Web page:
Miami-Dade County hall cure starts with mayor, ends in broad reform
By Michael Lewis
Exactly a month ago we lamented that by using county aides during working hours to battle recall, Mayor Carlos Alvarez was cementing the case of those trying to oust him.
It was, we noted, unabashed conflict of interest or worse.
Since then, Mr. Alvarez proved the case for recall beyond redemption as a dozen county bus drivers were sent to aid him while taxpayers paid both them and their substitutes behind the wheel.
That's the last straw. There is no coming back. A politician so insensitive to limits of legitimate power has no right to office.
His departure after Tuesday's election will disrupt functions until another election replaces him, but for good cause. Partisan use of publicly paid time is unjustifiable.
We say that having opposed recall to punish those who push what most see as ghastly policies, as the mayor did in spending $3 billion for a stadium during painful recession and then raising tax rates in double digits, placing bureaucrats ahead of taxpayers.
The parallel would be to hold an election to recall a president whenever, for example, he overspent on an economic stimulus that stimulated little or pushed to raise taxes during a bad economy. Such policy choices have been made before and will be again. But a president serves his term, then fights for reelection as scheduled.
It's only when a president abuses power far beyond legitimate bounds — think Watergate — that impeachment is legitimate. And so it should be with governance at all levels, including Miami-Dade County.
Well, Mayor Alvarez has repeatedly crossed that line. And Tuesday's watershed vote will decide his fate. The outcome is little in doubt.
No need to detail huge raises to loyalists while cutting jobs and ballooning taxes, or use of those insiders in his recall efforts, or now use of bus drivers as he wheels and deals. Details will blur in memory as the county moves forward after next week.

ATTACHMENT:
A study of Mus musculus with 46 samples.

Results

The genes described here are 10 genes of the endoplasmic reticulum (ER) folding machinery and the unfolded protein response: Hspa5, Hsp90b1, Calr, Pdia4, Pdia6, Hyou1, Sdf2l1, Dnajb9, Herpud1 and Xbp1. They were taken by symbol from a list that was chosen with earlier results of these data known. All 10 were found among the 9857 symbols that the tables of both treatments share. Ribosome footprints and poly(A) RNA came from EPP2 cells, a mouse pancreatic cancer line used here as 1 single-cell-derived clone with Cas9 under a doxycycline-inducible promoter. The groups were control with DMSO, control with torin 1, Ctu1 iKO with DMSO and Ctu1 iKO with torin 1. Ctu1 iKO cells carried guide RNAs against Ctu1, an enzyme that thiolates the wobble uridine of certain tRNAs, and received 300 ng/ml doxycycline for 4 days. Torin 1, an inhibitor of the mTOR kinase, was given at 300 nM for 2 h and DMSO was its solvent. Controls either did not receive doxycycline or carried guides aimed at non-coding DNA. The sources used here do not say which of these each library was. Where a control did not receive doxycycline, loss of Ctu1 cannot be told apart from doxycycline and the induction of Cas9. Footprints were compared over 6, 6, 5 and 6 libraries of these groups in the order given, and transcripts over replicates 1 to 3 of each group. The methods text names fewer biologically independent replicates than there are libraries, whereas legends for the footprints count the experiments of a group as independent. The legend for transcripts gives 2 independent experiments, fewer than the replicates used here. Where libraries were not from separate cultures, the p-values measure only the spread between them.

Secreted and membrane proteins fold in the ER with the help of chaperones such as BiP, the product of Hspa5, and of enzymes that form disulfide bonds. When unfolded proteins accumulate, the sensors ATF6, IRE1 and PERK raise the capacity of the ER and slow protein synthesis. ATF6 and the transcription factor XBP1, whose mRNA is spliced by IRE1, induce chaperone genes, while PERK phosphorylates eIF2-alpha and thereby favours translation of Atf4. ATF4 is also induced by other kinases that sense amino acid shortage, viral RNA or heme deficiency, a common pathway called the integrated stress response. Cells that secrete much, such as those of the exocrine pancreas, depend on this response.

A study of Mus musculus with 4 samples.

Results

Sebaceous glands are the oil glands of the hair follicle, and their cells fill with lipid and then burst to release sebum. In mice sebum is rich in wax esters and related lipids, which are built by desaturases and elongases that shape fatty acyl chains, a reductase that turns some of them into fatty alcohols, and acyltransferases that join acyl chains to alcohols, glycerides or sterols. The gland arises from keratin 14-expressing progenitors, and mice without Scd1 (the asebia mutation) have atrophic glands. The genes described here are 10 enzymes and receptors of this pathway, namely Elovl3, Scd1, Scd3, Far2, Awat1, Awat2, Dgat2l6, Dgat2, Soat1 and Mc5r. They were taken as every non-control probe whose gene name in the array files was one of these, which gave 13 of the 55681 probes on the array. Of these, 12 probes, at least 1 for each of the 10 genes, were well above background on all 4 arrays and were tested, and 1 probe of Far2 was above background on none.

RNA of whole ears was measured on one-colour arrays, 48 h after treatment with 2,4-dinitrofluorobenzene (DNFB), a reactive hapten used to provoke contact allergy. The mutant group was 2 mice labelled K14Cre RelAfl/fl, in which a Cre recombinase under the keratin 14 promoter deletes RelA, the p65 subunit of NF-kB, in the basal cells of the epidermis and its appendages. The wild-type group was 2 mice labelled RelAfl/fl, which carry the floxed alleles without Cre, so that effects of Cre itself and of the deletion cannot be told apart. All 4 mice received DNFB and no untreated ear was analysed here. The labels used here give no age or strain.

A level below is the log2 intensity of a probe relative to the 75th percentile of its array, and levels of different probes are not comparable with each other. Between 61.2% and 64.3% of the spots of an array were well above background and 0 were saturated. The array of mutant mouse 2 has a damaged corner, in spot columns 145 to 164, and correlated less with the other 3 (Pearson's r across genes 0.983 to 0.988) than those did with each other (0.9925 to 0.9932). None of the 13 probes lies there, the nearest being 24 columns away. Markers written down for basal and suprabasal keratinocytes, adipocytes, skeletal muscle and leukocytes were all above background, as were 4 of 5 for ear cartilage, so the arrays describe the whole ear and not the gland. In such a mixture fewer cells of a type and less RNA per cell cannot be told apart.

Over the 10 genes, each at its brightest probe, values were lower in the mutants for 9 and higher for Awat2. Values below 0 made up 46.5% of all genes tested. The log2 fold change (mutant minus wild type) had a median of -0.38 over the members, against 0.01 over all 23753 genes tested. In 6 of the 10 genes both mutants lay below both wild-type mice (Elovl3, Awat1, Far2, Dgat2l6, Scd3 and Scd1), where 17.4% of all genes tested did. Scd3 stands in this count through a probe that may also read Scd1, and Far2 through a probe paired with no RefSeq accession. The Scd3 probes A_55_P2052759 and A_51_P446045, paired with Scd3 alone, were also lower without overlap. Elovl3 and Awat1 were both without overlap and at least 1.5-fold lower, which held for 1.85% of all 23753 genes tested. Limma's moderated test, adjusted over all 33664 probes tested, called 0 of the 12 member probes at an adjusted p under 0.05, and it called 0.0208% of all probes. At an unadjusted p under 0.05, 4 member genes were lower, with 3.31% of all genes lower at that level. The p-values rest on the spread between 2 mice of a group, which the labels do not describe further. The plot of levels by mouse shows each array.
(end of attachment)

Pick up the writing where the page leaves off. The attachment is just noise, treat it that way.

Sadly, left at the wheel will be George Burgess, who easily morphed from impartial county manager to mayoral henchman with his own agenda. After a mayoral ouster this career unelected official will run the county with no control by elected officials. He will run his own asylum.
If only to put voters back in charge, commissioners need to call an immediate election.
An early election would also fill one or more commission seats. Carlos Gimenez will run for mayor and others may too. They must resign to run.
Then there's the seat of Natacha Seijas, the most powerful commissioner, who faces her own recall Tuesday following her votes to raise taxes and build that baseball stadium.
Despite her iron grip at county hall, you almost have to feel sorry for her plight on a two-item ballot just below recall of a mayor whose power justly eroded. Voters in a "No" mood will go right from the mayor to Ms. Seijas.
So last week she cranked up her own machine, firing out a press release denouncing the mayor's personal use of county employees as "an insult to the taxpayers of Miami-Dade County."
And while past statements on her own recall battle have come as county news releases through county employees on county time, she was swift enough to issue this shocked-and-appalled message under her own heading.
While commissioners worked hard last week to distance themselves from the mayor's latest conflict of interest, his friends linger as a vote nears. The Florida Marlins sent a big stadium thank-you with anti-recall funds, and the police union whose healthy raises he saved in the budget battle did too.
But that's unlikely to be enough. Desperation to retain office is no valid excuse for detouring bus drivers to the campaign.
Saying goodbye is hard to do, so we'll do it before the vote, an election we never favored. But the mayor has validated forced change.
Looking past fill-in elections, aim for early, totally independent charter review putting recommendations on the ballot without commission tampering.
No matter how Tuesday's votes end up, Miami-Dade faces unavoidable short-term pain. But new charter rules could trigger major long-term upgrades in how this county operates.
It's hard to claim that an ouster of Carlos Alvarez will mandate charter reform too. But if we don't get both, changing who sits in the mayor's chair will only put a Band-Aid over a festering sore.
Mr. Alvarez is a symptom of illness, not the malady. Fix the symptoms, then bring the patient back to health via broad charter reform.